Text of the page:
A year ago, I wrote a piece about cloud computing’s dark secret: that using it in Europe was probably equivalent to making all your files readily available to the US government. And that was before the Snowden revelations confirmed that this was no mere theoretical possibility. I’m not claiming any amazing prescience here: I certainly had no idea of the scale of what was going on, as I’ve explained in a series of posts on the NSA spying programme. But I can claim a deep and abiding unease about cloud computing, which is why I never jumped on that particular bandwagon, and have written relatively little about it on this blog.
I must now declare a similar concern about the Internet of things. Last week, I discussed the Linux Foundation’s latest mega-project, the AllSeen Alliance, that aims to put open source at the heart of the increasingly fashionable Internet of things idea. There I wanted to emphasise the good fit between free software and networking billions of devices. I think this will become a vast, new sector, with potentially huge ramifications for modern life. But here, by contrast, I want to sound a note of caution.
In the last six months or so, we have discovered that practically everything we do online is monitored in some way – not necessarily by humans, it is true, but that does not diminish its corrosive effect on our privacy and freedom. Imagine having government CCTVs in every room of our homes, recording everything that happens there, all the time, with the claim that there’s nothing to worry about since the images are analysed by computers only, not people. I doubt whether many of us would accept that argument, so I am constantly surprised at the lack of outrage about the fact that precisely the equivalent is happening in the digital realm online.
Now consider the Internet of things. The idea is to create a network of commonplace devices that surround us – not just larger items like fridges and ovens, but perhaps even down to light bulbs. One of the benefits of such a system is that it will allow users to monitor and control their homes from a distance – using their smartphones, say.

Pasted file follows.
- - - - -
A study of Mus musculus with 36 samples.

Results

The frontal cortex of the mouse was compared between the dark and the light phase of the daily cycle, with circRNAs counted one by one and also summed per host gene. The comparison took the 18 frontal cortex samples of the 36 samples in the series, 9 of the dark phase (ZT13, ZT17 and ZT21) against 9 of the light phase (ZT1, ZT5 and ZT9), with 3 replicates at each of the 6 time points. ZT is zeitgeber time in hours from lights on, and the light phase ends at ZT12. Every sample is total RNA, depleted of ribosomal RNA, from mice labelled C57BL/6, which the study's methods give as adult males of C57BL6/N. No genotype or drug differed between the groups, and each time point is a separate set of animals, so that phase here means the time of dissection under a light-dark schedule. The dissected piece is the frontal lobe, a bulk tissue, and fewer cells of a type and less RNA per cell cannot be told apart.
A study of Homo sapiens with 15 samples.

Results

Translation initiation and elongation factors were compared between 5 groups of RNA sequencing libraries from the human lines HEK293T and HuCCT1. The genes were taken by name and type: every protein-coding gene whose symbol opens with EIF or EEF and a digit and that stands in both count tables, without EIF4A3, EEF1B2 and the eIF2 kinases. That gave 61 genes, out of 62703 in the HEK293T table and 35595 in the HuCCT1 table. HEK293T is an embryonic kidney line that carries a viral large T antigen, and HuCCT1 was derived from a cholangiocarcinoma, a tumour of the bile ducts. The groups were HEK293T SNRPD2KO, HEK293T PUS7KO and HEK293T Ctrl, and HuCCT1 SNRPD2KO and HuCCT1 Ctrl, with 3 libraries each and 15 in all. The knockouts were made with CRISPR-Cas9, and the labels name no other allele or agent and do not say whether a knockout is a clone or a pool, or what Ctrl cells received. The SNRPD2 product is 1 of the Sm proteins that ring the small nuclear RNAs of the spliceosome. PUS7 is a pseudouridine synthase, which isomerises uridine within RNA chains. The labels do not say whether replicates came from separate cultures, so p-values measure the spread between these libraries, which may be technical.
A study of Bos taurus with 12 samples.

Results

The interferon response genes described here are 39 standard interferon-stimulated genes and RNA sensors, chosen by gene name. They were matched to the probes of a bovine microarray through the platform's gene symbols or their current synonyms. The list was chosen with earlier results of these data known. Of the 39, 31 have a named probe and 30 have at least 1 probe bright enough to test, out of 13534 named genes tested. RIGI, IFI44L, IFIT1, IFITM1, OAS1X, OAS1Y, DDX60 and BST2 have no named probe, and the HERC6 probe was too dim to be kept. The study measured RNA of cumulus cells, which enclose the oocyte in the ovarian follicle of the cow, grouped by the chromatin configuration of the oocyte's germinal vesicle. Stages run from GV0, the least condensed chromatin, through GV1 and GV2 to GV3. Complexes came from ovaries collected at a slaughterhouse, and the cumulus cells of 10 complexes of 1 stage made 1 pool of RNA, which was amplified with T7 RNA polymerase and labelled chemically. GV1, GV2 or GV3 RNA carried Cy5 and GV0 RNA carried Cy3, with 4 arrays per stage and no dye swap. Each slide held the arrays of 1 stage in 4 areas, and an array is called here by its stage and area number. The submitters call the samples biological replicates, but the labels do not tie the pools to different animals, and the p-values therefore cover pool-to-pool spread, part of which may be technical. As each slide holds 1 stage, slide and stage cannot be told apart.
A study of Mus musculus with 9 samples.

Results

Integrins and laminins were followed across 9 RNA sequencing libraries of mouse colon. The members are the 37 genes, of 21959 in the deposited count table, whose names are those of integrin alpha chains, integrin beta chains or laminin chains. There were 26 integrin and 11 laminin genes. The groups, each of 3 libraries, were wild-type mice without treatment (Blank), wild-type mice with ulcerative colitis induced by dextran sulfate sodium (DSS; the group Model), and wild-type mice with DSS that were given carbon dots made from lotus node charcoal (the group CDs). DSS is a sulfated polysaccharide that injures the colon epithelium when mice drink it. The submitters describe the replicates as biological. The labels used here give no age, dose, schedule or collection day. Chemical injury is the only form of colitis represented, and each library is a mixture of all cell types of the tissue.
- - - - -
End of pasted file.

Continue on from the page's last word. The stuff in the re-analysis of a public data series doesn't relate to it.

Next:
Recently, we have learned that the NSA has turned our mobile phones into a tracking device, and that it gathers around 5 billion records each day; smartphones can be subverted in many other ways too, and so it will be relatively simple to access data about your networked home and office, and maybe even to control it.
For example, information from the lights would give clues about which rooms are likely to be occupied, how people move around, and when you go to bed; your fridge and oven would give important clues about when you eat; if cars are added to the Internet of things, as is almost inevitable, then your movements can be tracked even more precisely than by spying on your phone, as at present. If “quantified self” devices – things that monitor aspects of your health – were also plugged in to this new super-Internet, the level of detail about your life would be even greater.
The most extraordinary thing about this disturbing possibility is that no one is talking about it. Or, rather, nobody was: by an interesting coincidence, while I was preparing this column two other very recent posts making pretty much the same point popped up in my feeds. Maybe we have reached one of those tipping points, where things flip from one state – that of regarding the Internet of things as neutral or even benign – to one where we realise it could potentially be the most complete and thus most intrusive surveillance system ever invented.
Against that background, I do have to wonder why the Linux Foundation and its partners chose to call their new project the AllSeen Alliance. Did they really not worry about the fact that the Internet of things will be all-seeing and all-knowing, and that people might come to associate its new endeavour with the worst of NSA excesses?
Luckily, it’s not too late to change a name that seems certain to become a liability as people begin to wake up to the privacy-destroying potential of the Internet of things. Indeed, if the Linux Foundation is wise, as well as changing its name to avoid the all-seeing connotation, it will also announce a major, high-profile initiative to place security and privacy at the heart of the Internet of things.
Again, free software is well-placed to do that: its open nature means that its code can be trusted in a way that closed source cannot. The credentials of the open source community as defenders of freedom and privacy mean that people will be more willing to allow into their homes and families devices based on their ideas and ethos.
In other words, what could be a huge liability for corporate initiatives to wire up our lives could be a big selling-point for an open and transparent approach from the Linux Foundation. But first it needs to change the name to acknowledge and address what I predict will soon become a justified concern about the whole idea of the Internet of things.